Can you borrow from an IRA?

If you have a financial emergency, you may be wondering if you can borrow from an IRA. Find out how to borrow from an IRA.

3 min read

If you have a 401(k) plan, it might make sense to have an IRA account. You can also open an IRA to consolidate all your old 401(k)s to simplify the work of managing your retirement assets. In certain circumstances, you may be allowed early access to your IRA funds either as an early withdrawal or a loan.

While it is technically impossible to borrow from your IRA, Beagle allows IRA owners to take a loan against their retirement savings. Once you transfer your IRA to a Beagle account, you will be allowed to borrow up to 50% of your account balance at 0% net interest. Any loan payments go back to your Beagle account to continue growing your retirement savings.

How to Borrow from an IRA

While IRAs do not offer loans to IRA account owners, Beagle gives you a good option. To borrow against your IRA funds, you must open an account on where you will transfer your IRA funds to.

Once you transfer the IRA funds to your Beagle account, you can borrow up to 50% of your IRA account balance. You can borrow from your IRA to pay college expenses, medical expenses, or when buying your first home. You have up to 5 years to repay the loan, and any loan payments will be made back to your account to keep growing your retirement savings.

Can I borrow from my IRA for 60 days?

If you are looking for a short-term loan, you can take advantage of the 60-day IRA rollover. The IRS allows retirement savers to rollover their retirement savings from one IRA account to another IRA, Roth IRA, or another retirement account.

You can choose an indirect rollover, where the IRA provider sends you a check with your money, which you must deposit in another IRA or other retirement account within 60 days. The IRA may withhold 10% of your money for paying taxes.

During the 60-day period, you can use the funds to meet your short-term needs as long as you deposit the funds in full within 60 days from the date of withdrawal. If the IRA provider withheld 10%, you must come up with the amount in full, including the 10% withheld amount, by the end of the 60 days.

If you are unable to pay the amount withdrawn within the 60 days, you risk paying income taxes on the money, in addition to a 10% early withdrawal penalty.

How much can you borrow from an IRA?

If you transfer your IRA money to a Beagle account, you can borrow up to half of your retirement savings, up to a maximum of $50,000. For example, if your account balance is $80,000, you can borrow up to $40,000.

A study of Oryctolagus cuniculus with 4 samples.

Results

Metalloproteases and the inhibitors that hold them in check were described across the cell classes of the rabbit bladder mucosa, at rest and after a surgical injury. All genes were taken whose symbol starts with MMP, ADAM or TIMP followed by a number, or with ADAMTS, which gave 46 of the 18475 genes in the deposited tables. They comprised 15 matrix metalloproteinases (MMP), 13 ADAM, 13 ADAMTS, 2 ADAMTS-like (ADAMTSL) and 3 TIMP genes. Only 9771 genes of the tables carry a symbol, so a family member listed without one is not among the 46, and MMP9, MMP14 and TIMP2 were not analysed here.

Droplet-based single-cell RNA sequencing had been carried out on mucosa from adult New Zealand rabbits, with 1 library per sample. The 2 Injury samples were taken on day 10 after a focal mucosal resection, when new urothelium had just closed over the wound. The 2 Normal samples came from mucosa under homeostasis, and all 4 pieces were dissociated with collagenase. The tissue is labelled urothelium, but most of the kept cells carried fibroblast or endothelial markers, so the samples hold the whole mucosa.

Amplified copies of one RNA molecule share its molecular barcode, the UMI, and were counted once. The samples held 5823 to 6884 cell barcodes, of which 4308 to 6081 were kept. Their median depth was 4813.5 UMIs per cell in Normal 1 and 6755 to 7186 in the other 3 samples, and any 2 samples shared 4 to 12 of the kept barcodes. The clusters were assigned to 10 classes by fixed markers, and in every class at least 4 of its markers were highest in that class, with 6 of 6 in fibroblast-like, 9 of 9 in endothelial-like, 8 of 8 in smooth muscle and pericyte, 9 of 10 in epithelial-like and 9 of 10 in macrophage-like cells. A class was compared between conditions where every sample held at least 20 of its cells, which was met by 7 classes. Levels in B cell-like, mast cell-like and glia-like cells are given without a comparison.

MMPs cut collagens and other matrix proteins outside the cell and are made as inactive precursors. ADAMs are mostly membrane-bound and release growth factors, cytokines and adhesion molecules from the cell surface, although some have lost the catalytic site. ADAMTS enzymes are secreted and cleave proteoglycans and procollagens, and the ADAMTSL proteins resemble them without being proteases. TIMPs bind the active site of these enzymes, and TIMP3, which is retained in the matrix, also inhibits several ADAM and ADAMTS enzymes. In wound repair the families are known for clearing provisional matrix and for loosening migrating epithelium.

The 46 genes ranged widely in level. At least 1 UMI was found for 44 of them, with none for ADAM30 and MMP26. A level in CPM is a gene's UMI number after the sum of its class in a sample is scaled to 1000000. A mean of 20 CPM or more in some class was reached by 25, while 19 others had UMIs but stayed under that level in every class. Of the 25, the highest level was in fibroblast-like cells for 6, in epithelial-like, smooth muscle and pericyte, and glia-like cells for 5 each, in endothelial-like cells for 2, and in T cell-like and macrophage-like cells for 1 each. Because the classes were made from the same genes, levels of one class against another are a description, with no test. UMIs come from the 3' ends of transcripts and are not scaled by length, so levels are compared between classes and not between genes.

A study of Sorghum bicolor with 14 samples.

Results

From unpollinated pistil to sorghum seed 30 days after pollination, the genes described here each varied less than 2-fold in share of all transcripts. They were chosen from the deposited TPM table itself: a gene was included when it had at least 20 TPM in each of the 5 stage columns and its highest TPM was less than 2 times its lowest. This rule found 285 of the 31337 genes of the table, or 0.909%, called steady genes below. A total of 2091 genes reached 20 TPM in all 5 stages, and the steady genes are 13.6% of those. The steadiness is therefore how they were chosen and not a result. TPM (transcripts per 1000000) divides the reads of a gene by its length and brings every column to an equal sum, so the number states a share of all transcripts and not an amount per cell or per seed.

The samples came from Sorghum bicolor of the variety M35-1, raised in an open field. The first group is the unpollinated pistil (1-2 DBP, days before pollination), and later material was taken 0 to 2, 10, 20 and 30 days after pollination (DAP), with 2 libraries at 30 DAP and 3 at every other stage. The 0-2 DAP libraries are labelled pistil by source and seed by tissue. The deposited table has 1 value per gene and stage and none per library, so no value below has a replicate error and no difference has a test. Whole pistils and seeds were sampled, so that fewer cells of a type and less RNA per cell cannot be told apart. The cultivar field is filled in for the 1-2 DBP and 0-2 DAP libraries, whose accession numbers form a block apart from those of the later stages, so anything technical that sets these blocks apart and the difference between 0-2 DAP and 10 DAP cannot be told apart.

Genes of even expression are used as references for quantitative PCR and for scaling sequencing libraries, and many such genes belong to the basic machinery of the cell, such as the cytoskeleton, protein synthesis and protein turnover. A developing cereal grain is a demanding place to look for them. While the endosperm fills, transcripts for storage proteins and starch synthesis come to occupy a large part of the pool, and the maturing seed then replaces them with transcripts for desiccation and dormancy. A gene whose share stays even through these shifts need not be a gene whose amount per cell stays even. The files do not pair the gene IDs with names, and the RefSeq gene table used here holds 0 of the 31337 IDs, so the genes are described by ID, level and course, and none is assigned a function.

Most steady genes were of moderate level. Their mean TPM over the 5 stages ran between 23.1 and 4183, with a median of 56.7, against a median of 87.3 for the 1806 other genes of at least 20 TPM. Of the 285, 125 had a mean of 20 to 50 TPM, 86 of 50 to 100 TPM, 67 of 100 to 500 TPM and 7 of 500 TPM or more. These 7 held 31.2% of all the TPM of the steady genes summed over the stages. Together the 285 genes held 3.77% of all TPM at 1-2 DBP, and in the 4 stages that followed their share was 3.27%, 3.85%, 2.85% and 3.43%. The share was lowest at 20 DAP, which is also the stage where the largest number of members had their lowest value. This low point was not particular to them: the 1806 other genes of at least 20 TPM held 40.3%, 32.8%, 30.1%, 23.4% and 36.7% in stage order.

You will be required to pay the loan over a five-year period in equal installments. However, if you get a large payment during the repayment period, you can pay a lump sum amount to clear the outstanding balance without owing a prepayment penalty.

Alternatives to Borrowing from IRA

IRA withdrawal

You can decide to take a distribution from your IRA to meet your needs. However, you will pay income taxes on the distribution, and a potential penalty if you are below age 59 ½. You won’t be required to repay the withdrawn amount, but it will derail your retirement goals.

Borrow from 401(k)

If you have a workplace retirement plan like 401(k) and the employer allows loans, you may be allowed to take a 401(k) loan against your savings. Generally, you can borrow up to 50% of your vested balance, up to a maximum of $50,000. You can borrow from your 401(k) to pay college expenses, roof replacement, or when buying your first-time home. The loan payments are paid back to your retirement account.

Roth IRA

If you have a Roth IRA, you may be able to access the funds you need without paying taxes. Any contributions made to a Roth IRA can be withdrawn without paying taxes and penalties at any time before or after retirement. However, withdrawing retirement savings before reaching retirement age could jeopardize your retirement goals.

Look elsewhere

If you want to keep your 401(k) money untouched, you may decide to look elsewhere for a loan. You can decide to take a credit card loan or a personal loan from a bank or peer-to-peer lending services to meet your needs. However, you should expect to pay higher interest on the loan than what you would have paid with a 401(k) loan or IRA loan.